A memorial is due to open at the site of a 2003 nightclub fire in Rhode Island that killed 100 people
WEST WARWICK, R.I. (AP) — The site of a nightclub fire that killed 100 people in 2003 is reopening Sunday as a memorial park to honor the memories of those who died, the more than 200 people injured and the many people who rushed to help in the minutes, weeks, months and years after the blaze sent shockwaves through this tight-knit state.
The memorial for The Station nightclub fire in West Warwick is scheduled to open with a ceremony expected to draw hundreds of people. The Feb. 20, 2003, blaze began when pyrotechnics for the rock band Great White ignited flammable foam that lined the club's walls as soundproofing. It was engulfed within seconds.
Relatives of those killed and fire survivors have worked for more than a decade to build a permanent memorial at the site, which for years was overgrown with weeds and dotted with handmade crosses, weather-beaten stuffed animals and personal memorabilia left by victims' loved ones.
Gina Russo, president of the Station Fire Memorial Foundation, lost her fiancé, Fred Crisostomi, and she was severely burned. She has spent the years since recovering and undergoing numerous surgeries, while also working to maintain her health insurance and trying to raise the money needed to build the memorial and maintain it in perpetuity.
Russo said she now feels she has done everything humanly possible to honor Crisostomi and the 99 others who died.
"Maybe now I can finally let go of some of the guilt of surviving it," she said Friday.
Even 14 years later, Russo said she still feels guilt every day that she got out and others did not, wondering "Why me?" She still physically struggles with severe burn injuries over much of her body and is due soon for another surgery.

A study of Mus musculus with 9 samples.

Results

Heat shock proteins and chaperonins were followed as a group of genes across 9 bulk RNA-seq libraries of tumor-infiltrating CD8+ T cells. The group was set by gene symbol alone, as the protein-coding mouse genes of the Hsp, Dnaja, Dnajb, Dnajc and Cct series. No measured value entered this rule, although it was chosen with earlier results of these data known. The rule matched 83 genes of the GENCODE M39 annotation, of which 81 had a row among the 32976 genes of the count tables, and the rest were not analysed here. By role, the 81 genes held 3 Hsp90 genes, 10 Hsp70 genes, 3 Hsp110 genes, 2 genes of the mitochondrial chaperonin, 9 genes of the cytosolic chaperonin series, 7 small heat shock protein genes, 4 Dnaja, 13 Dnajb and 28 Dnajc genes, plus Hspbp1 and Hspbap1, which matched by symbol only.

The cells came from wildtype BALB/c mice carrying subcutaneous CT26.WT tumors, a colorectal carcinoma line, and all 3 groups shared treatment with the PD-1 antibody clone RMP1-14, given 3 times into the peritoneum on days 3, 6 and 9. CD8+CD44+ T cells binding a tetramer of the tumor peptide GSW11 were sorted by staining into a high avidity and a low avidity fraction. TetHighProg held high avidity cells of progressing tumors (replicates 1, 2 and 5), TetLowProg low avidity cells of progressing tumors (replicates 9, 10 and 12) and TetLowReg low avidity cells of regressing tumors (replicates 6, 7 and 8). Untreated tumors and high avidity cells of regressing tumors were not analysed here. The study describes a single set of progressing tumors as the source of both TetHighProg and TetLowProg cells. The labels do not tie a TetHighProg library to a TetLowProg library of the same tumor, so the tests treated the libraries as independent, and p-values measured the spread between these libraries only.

"It's for the rest of my life," she said. "But then I say, 'Oh, how can I complain? Because they can't. They can't.' So it's important to remember them, but it's a heavy guilt. It's definitely a heavy guilt."
Dave Kane's 18-year-old son, Nicholas O'Neill, was the youngest person to die in the fire. He says he doesn't need the memorial to remember his son: He goes to his gravesite for that.
"The people who were really seriously injured don't need to be reminded. They have mirrors," Kane said. "What this site is supposed to be, for me, is a reminder to others of what happens when people we trust with our safety don't do their jobs."
Indeed, at the top of the memorial, the foundation has installed a timeline that details important events leading up to and since the fire. It begins six decades before Feb. 20, 2003, with Cocoanut Grove, the 1942 fire that killed 492 people at a Boston nightclub.
Further on, it includes events such as the failure of fire inspections and the installation of the flammable foam. The entries get down to days, hours and seconds around the blaze itself. The timeline ends with entries for the Ghost Ship fire in December in Oakland, California, that killed 36 people, and the opening of the memorial on Sunday.
The final entry offers up two words for visitors to ponder in the years to come: Today Remember.
Jody King's younger brother, Tracy, was a bouncer at The Station and was killed that night. On Friday, King cried after walking along the pathways lined with granite memorial stones, one for each victim.
"This is really cool to stand here now and to look down from the hill on what was a mess for a lot of years," King said. "Tracy reminds me that even a grain of sand can be turned into a pearl. There's our pearl."